How China helps to quash ethnic minorities and Christians in South Africa during COVID-19

  • Under the auspices of it’s Chinese overlords, South Africa cracks down on Christians and ethnic minorities.
  • South African Government looking for solutions, only to cause more problems during COVID-19.
  • China set up it’s own police stations in South Africa, raising concerns about it’s intentions.
  • Food aid distributed to white minority communities seized by the ANC government. 

South Africa – As Chinese imperialist adventures spread through Africa and the Balkans, Churches in South Africa are still forced to be closed as the pandemic spreads among citizens. Recent attempts to open up churches to help aid the hungry and vulnerable have been denied by the local government. In an open letter to President Cyril Ramaphosa, evangelists pleaded that the restrictions on churches be lifted. Reverend Kenneth Meshoe, leader of the African Christian Democratic Party has sent a letter to request the President to open churches for relief work. Tucker Carlson and President Donald Trump were the only prominent Americans to call on the ANC government to back down with it’s ethnic cleansing program against white farmers in South Africa. However under the auspices of communist China and the outbreak of COVID-19, a crackdown of note is taking place against ethnic white and Indian minorities.

Unfortunately, this comes after Meshoe has tested positive for COVID-19, and the leader have been in isolation for 45 days already. “Churches are being stopped from doing what they have been doing for 30 years and more while people go hungry,” Meshoe told NEWS24, a South African media source. But as the country already started its phased system to open certain economic sectors and lift extreme restrictions, many like Meshoe feel that legislation is keeping people from receiving necessary aid.

As many in the country still rely on churches for their daily meals, some fear that government-sanctioned food and aid will never reach those  in need. On 23 March 2020, the president in cooperation with government entities established the South African Solidarity Fund, a civil entity supported by donations from citizens and businesses.

But as the fund gain traction and support, the government tried to centralize the distribution of food and parcels to communities. The government will use the donations from the fund, to help support poor and vulnerable communities. The tight centralisation on food parcel distributions has caused a backlog of delivery, and some fear it might even get worse.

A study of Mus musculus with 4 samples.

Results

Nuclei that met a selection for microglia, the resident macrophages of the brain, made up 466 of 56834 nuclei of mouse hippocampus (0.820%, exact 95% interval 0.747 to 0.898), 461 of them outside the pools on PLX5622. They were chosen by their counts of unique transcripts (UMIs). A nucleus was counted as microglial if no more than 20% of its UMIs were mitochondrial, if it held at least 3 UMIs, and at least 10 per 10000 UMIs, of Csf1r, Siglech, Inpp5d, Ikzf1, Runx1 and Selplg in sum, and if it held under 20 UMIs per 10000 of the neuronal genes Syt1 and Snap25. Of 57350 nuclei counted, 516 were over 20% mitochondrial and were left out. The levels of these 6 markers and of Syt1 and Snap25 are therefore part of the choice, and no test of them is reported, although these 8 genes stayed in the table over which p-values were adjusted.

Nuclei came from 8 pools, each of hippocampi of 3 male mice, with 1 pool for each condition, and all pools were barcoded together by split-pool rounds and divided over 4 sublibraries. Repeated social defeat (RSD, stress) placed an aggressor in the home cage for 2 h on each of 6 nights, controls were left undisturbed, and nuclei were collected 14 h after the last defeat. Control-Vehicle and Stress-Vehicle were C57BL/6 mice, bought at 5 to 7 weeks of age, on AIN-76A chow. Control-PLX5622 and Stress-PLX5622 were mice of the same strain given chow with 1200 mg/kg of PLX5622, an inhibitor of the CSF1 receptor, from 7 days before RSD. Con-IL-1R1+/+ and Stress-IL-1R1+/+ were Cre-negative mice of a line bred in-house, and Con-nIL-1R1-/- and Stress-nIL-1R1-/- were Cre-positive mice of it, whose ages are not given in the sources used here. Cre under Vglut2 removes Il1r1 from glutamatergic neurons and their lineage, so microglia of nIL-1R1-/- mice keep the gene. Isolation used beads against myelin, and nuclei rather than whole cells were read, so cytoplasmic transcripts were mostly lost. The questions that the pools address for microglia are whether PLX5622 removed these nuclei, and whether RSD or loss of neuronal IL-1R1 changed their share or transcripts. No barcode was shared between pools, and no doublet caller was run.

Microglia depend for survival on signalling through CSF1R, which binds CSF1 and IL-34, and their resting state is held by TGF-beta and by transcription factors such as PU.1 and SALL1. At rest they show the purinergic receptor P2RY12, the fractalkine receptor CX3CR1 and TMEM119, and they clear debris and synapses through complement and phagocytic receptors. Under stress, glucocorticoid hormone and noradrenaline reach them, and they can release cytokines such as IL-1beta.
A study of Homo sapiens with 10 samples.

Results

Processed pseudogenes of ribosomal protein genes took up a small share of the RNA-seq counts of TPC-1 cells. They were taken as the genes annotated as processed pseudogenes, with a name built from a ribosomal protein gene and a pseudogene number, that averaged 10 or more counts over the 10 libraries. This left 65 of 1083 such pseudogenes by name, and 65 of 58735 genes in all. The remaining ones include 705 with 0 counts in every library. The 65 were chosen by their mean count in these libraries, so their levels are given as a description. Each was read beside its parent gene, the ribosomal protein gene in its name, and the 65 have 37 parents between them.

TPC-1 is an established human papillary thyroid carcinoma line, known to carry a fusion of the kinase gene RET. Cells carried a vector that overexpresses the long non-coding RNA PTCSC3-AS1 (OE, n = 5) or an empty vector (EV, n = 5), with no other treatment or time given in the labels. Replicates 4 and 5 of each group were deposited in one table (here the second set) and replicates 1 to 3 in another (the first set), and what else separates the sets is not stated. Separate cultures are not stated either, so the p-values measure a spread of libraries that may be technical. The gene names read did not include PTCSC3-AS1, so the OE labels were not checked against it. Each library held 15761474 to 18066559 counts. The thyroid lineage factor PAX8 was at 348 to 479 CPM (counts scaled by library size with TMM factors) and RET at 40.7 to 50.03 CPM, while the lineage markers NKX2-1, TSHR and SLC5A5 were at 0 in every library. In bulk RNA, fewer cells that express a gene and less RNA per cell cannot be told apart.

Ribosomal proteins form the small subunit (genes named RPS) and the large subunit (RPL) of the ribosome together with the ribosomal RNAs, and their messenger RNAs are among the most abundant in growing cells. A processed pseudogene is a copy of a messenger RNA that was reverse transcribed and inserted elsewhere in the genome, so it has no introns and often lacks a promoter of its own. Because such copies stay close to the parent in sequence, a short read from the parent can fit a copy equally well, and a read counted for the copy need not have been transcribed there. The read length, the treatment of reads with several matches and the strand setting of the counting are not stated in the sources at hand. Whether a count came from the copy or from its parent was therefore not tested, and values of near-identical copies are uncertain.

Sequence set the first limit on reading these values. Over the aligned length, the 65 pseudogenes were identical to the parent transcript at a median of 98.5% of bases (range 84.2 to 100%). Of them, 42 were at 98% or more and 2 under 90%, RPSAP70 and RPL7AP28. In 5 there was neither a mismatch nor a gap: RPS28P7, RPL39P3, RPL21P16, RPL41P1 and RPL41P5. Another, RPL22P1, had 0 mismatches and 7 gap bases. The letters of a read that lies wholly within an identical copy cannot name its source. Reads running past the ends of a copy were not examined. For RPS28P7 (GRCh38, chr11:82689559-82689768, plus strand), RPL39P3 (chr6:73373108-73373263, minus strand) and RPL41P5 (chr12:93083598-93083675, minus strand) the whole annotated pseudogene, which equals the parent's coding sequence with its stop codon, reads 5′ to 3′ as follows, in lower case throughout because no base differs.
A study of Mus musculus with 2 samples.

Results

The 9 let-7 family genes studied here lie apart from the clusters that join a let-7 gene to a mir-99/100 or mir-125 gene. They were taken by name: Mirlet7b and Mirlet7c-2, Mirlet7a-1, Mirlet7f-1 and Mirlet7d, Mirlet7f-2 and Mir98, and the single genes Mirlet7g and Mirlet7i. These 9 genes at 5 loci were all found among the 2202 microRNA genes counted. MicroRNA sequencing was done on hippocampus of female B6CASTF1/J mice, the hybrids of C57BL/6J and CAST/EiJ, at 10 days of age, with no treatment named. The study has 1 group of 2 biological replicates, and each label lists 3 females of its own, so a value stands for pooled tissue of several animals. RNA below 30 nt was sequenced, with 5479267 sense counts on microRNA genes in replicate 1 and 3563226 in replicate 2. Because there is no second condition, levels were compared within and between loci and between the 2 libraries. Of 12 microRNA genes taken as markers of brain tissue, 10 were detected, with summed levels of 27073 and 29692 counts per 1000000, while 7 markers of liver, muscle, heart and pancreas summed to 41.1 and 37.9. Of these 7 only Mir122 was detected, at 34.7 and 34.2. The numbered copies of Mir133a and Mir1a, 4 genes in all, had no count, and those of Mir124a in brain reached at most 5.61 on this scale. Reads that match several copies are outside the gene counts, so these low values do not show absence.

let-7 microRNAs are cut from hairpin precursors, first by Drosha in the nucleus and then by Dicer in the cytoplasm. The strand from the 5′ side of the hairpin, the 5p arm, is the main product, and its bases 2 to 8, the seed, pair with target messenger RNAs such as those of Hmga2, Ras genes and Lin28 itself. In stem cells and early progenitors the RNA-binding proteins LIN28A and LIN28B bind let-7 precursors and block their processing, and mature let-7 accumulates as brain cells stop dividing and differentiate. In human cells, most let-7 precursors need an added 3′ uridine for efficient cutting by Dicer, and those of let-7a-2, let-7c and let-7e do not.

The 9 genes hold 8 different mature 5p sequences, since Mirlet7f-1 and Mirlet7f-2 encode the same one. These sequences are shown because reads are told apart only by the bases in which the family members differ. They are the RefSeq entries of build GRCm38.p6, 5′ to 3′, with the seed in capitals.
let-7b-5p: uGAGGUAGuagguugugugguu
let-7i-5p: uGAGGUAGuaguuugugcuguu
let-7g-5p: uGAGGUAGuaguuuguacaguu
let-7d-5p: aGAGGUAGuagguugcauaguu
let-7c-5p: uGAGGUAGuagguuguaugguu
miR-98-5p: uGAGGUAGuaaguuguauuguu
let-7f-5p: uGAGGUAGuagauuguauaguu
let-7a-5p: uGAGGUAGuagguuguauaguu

The civil rights organisation, AfriForum have decided to take matters into their own hands. As the organisation also battle with the severity of the pandemic, their efforts have seen tons of citrus and other fruits been delivered to almost 20 Care Homes in the Pretoria region.

The organisation is working with a network of local family farmers such as Saai and Solidarity Helping Hand. “There is no legal basis by government to have food distribution centralized. Civil society has a role to play in times like these; we will continue to fill this role,” said Ian Cameron, Head of Community Safety at AfriForum on their website.

As local authorities and government try and build trust in citizens some feel that it’s inner administrative problems that are causing backlogs on service and aid delivery. Further frustrations have toiled up, as the ruling government are constantly receiving backlash from other political parties on how it’s handling the crisis.

John Steenhuisen, leader of the Democratic Alliance has sent a written petition to the Managing Director of the IMF, Ms Kristalina Georgieva; stating that money received by the IMF will be used in a racially discriminatory way. “[…] I implore this international body to ensure the South African government and instruct it to stop using IMF monies in a way that discriminates along racial lines, and exacerbates racial tension in South Africa,” told Steenhuisen in a media release on their website.

BEE and Chinese rights in South Africa:

Chinese are considered black according to South African law, allowing them to benefit from generous BEE schemes and to be exempt from harsh affirmative action aimed at white minorities. But with all the local upheaval, many citizens are still questioning the big role China has been playing in the country before the pandemic. As more and more people are seeing influence from the Chinese government in South Africa, some argue this can be the reason for poor national support for the local government.

In October 2018, it was reported that the Chinese government has opened 13 new Chinese police stations in the country. The outrage came after Lt. Gen Liziwe Ntshinga, Eastern Cape Police Commissioner were pictured with two uniformed Chinese policemen at the opening of a new police station.

Although investigations claim that these are only community and police cooperation centres to work with local authorities, some feel these stations are used to protect only Chinese citizens living in the country and are a way to infiltrate national institutions. “These co-operation centres are NOT police stations and are NOT manned by the South African Police Service staff,” said Colonel Priscilla Naidu of the Eastern Cape SAPD in a media briefing in 2018.